Just say no – is it ever right to refuse an interview?

Jeremy Corbyn & Tom WatsonYesterday morning on BBC Radio 4’s “Today” programme, Nick Robinson made a not insignificant point of letting listeners know that Jeremy Corbyn was “unavailable” for an interview. Robinson, reporting from the Labour Party Conference said Corbyn had been offered the pick of any time slot he wanted. But there was no Mr Corbyn and his deputy Tom Watson stepped up instead.

It’s unusual for a political leader not to give an interview to the Today programme during party conference season. But who says anyone has to give an interview?

In a crisis I always encourage clients to speak out and take control of the story. And recently one client did exactly that, with an interview on a well-known national evening news bulletin. Despite being wholly accommodating and going on camera for 15 minutes, the programme ran a 7 second sound bite. I have directed enough BBC Watchdog interviews, in my former broadcast career, about dodgy washing machines and unhappy holidaymakers to know you always have to edit the material. But having convinced my client to take part, I struggled to justify how the interview had been worthwhile. The item showed virtually no journalistic balance and was based instead on social media speculation dressed up as fact. And my client’s right to reply – 7 seconds.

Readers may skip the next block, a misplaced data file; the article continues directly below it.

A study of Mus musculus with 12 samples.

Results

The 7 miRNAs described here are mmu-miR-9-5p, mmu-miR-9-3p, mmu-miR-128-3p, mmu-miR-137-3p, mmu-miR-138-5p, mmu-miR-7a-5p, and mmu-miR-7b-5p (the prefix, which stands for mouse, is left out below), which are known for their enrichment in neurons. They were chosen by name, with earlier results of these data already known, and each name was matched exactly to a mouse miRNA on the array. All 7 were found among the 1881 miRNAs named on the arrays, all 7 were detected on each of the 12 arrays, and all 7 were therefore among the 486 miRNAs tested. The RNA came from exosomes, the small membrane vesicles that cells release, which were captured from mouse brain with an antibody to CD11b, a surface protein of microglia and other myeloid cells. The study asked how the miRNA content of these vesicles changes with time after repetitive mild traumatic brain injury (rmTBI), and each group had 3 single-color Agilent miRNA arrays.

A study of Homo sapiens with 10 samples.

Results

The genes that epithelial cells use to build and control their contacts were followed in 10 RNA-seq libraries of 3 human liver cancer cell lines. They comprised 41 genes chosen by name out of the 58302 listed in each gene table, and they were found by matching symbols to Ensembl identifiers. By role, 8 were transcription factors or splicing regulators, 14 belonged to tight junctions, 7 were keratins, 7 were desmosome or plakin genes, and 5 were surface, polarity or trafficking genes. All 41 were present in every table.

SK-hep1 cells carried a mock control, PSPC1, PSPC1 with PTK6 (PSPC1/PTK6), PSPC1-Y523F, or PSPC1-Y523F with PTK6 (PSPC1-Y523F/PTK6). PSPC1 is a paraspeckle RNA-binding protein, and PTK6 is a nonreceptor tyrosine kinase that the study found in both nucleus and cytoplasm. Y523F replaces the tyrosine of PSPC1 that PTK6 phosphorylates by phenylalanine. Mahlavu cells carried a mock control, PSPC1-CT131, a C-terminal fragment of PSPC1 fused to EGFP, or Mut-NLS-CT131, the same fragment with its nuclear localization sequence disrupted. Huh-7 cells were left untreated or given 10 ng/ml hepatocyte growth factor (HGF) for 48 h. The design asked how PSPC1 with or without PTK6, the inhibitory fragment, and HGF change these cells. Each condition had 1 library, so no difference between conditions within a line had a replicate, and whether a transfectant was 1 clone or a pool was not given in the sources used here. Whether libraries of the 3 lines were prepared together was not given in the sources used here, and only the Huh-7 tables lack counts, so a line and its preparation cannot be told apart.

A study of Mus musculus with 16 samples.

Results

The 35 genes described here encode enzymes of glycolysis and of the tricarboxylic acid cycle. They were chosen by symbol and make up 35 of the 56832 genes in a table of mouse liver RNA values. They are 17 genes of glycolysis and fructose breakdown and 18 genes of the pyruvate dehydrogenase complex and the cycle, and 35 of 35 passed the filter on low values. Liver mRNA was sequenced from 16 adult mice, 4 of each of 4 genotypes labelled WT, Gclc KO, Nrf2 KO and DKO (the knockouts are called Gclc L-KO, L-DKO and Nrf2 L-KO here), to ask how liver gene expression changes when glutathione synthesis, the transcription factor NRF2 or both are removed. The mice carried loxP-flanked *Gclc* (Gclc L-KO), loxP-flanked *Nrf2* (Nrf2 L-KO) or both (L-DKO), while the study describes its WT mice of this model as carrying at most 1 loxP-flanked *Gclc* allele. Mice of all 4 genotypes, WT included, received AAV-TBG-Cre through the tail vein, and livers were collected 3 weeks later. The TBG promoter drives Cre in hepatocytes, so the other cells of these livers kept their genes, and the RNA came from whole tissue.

I’ll keep telling my clients to take part in interviews, because despite instances of poor journalism and unbalanced reporting I believe that in 99% of cases, putting a human being front and centre in a crisis is vital to managing it. And no matter how well known the face, the brand, or the company, those 3 little words “unavailable for interview” will always ring a warning bell for the audience. For now the news cycle has moved on from Corbyn’s no-show to his comments in his conference closing speech and he will no doubt continue to challenge the rules on media interviews and comment.